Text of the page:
ISLAMABAD: They have governments that look and feel like provincial governments but they are not provinces and their people do not have representation in parliament. While the 18th Amendment did much to improve the ability of provincial governments to serve their citizens, it did not resolve the question of the special status of Gilgit-Baltistan and Azad Jammu and Kashmir, two regions that exist in a constitutional limbo, with none of the same rights as the other federating units of Pakistan.
Unlike the Federally Administered Tribal Areas (Fata), AJK and Gilgit-Baltistan at least have their own local legislative assemblies. Both also have their own professional civil service. However, also unlike Fata, and despite decades of demands by local politicians and civil rights advocates, they do not have any representation in either the National Assembly or the Senate.
These observations about the constitutional status of the special regions was made in the government-endorsed State of Children in Pakistan report issued by the United Nations Children’s Fund, in collaboration with the Children’s Complaint Office of the Federal Ombudsman in Islamabad.
According to the study, the passage of the 18th Amendment and the 7th National Finance Commission Award has had a very disquieting impact on AJK. Under the constitution, AJK is not a part of the federation of Pakistan and is therefore not eligible to benefit from the National Finance Commission (NFC) award. This has had a serious bearing on its financial health.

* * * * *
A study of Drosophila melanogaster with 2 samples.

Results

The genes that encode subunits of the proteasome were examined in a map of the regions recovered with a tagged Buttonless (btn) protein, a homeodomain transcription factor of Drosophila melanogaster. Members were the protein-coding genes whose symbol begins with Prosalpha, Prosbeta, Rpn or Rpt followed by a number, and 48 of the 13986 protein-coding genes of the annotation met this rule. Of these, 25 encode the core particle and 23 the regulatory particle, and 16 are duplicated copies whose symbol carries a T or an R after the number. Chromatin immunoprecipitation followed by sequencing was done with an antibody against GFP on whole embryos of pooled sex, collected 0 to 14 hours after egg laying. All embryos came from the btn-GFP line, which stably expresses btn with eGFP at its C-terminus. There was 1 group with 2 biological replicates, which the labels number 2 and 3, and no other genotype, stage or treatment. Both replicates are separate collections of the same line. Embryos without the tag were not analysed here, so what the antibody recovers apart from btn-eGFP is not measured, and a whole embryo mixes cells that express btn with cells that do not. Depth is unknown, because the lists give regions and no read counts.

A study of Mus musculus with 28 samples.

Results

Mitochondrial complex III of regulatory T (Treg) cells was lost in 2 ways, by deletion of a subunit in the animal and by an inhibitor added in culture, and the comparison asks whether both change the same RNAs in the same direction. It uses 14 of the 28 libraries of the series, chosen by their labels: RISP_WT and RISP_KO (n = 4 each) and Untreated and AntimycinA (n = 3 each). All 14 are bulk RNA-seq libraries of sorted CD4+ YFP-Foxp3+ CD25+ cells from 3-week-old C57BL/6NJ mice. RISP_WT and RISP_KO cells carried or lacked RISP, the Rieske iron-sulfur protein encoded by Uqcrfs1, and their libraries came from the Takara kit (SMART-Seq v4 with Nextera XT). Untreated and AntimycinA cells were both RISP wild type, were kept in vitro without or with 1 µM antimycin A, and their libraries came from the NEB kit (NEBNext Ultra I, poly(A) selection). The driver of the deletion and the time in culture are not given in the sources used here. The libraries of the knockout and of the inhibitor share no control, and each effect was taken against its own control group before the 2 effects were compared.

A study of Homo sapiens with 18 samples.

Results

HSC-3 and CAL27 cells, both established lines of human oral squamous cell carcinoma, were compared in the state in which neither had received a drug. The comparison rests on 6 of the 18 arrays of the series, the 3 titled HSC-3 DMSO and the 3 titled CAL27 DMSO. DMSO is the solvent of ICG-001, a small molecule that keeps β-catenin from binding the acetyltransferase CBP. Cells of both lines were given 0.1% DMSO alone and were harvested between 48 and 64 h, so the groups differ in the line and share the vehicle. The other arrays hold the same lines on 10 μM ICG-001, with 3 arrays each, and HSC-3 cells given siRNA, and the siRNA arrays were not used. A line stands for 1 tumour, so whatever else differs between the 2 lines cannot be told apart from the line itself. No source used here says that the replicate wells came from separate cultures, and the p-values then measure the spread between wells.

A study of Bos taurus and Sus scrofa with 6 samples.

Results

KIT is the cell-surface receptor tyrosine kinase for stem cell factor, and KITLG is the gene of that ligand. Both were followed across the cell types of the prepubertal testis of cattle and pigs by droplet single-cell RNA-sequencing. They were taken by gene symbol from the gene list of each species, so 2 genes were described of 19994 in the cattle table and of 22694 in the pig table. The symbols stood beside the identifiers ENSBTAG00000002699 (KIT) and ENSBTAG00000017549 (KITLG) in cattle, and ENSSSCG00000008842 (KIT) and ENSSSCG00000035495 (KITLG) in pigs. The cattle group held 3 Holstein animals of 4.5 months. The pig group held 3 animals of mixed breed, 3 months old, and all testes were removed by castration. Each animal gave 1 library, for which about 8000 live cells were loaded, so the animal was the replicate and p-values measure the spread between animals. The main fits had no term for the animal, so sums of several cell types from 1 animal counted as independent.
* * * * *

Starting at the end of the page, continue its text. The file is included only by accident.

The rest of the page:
For instance, before the devolution of political and fiscal autonomy, the ministry of food, agriculture and livestock had several on-going umbrella projects, directly funded by the federal government. Some funds had been allocated and utilised but since June 30, 2011 all funding has come to a halt. The same happened to other development projects in other sectors such as health, education, communication, and social welfare.
In G-B, the Empowerment and Self-Governance Order (ESGO) promulgated by Islamabad in 2009 introduced a number of administrative, political and judicial changes. While significant reforms such as granting full provincial status still remains an important milestone for the region, the gradient of development in the short to medium term will hinge on the government’s ability to anchor the recent ESGO reforms into something tangible and significant, said the report.
Despite recent developments, G-B has less autonomy in practical terms than other provinces of Pakistan. It has no representation in the federal government or Parliament. It has no role in policy making at the national level, and is kept out of the national mainstream. The passage of the 18th Amendment and the 7th NFC Award has led to uncertainty and confusion because now G-B will have to generate its own resources, which at this stage appears difficult due to the limited administrative setup and poor taxation system.
Published in The Express Tribune, June 14th, 2015.